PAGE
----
ARTIST LIBRARY #001

At minä perhonen, we hope to create designs and practice ways of making things that bring freshness and special joy to daily life while taking into account the environment and society that surrounds us. We hope that the times spent using carefully crafted things for a long time will make everyday life more special and create many good memories.

For the first episode of ARTIST LIBRARY NIPPON, we spoke to woodwork designer, Ryuji Mitani, who has sincerely been working on "Seikatsu Kogei," the way crafts are rooted in our daily lives. Ryuji Mitani has a studio, Persona Studio, in Matsumoto, Nagano Prefecture, where he has been working since 1981. Serving dishes created at Persona Studio with organic forms, in which traces of handwork remain, will beautifully and gently decorate the dining table. These serving dishes, which enwrap our daily cooking, are born from Ryuji Mitani's perspective on daily life.

[Valuing daily life]

“I have always valued daily life,” says Mitani. "I have always hoped that artists would create things that they felt were necessary for daily life, and that everyday people would incorporate them into their own lives. To some extent, the creators are training themselves as users. I've always thought that the act of eating food and performing each and every job properly will eventually affect the way of making things as an artist.”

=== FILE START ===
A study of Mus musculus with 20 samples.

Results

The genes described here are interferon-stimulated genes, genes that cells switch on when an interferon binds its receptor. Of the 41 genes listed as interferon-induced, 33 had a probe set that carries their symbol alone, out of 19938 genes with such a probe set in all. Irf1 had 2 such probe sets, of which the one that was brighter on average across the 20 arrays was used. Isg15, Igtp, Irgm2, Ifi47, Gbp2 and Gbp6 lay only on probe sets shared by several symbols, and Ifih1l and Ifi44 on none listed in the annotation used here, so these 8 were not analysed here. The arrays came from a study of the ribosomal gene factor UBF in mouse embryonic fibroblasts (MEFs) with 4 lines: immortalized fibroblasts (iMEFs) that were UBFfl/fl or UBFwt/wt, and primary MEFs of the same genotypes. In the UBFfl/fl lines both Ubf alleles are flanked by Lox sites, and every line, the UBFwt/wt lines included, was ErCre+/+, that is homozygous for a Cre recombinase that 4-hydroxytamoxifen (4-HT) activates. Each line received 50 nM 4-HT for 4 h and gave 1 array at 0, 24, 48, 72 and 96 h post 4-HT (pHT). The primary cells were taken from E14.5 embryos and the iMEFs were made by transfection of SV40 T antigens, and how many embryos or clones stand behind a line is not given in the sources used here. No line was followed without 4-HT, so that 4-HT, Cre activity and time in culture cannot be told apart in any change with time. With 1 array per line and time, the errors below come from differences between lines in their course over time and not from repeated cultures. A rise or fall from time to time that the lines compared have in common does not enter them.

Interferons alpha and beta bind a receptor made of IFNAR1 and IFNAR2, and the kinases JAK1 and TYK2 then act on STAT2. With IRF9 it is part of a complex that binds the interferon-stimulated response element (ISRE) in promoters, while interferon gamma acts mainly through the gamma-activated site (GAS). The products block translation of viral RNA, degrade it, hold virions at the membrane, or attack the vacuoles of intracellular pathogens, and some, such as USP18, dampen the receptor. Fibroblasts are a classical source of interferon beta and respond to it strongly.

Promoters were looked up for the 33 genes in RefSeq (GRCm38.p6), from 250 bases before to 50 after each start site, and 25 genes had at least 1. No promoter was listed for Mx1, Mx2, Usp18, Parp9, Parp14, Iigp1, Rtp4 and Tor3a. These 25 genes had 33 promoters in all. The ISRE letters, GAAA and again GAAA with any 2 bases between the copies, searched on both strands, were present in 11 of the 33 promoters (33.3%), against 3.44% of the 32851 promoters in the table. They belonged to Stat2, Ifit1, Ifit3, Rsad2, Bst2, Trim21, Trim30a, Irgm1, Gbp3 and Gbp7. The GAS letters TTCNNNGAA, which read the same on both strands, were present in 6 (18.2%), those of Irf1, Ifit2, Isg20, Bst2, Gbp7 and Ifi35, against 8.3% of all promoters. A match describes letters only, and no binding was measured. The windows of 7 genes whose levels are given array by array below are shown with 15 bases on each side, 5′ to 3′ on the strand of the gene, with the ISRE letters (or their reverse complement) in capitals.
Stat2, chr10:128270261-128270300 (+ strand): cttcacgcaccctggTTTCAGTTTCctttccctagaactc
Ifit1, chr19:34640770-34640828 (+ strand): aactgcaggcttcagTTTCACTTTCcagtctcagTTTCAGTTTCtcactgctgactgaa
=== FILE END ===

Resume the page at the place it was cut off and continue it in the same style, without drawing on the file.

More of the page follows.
“Because I did not study lacquer in a specialized way, I have been able to interpret lacquer in my own way. As a user myself, drawing lacquer to an everyday person’s position, as a result, I ended up with white lacquer. At first, I worked with black lacquer. Black lacquer looks great when blue things are placed on top, for example, but I felt that it does not go well with everything. Generally, I have always had a longing for white tableware, so I wanted to make white dishes similar to porcelain or white serving dishes. Thus, I started making white lacquer.


“To have creators and users in a small community and to have things being made through dialogues would be interesting. I feel that this is the way it will be from now on: Creating richness within the scope of daily life through the existence of craftsmen and various people instead of going too far with mass production. A society that values comfort over convenience.”


In the past, there has been too much polarization between things made by artists and industrial products made according to efficiency as a priority. If many small communities and cores emerge, the polarization can be reduced."




[In daily life]

“What we want in a museum and in our living space is different. By paying attention to the living space, things that are created will become different too. It is as if to objectify nature and live together with it rather than putting too much emphasis on vision. Things are drawn to places that are close to our five senses, such as touching, tasting, and wearing. When the five senses are valued, perspectives that are different from visual and economic values emerge."




Wood artist. Born in Fukui City, Fukui prefecture in 1952. In 1981, he opened his studio, Persona Studio, in Matsumoto City, Nagano prefecture. Works together with craftsmen to create wooden serving dishes for everyday use.
In April 2019, minä perhonen elävä I held Ryuji Mitani’s solo exhibition, entitled “Hakunohi.”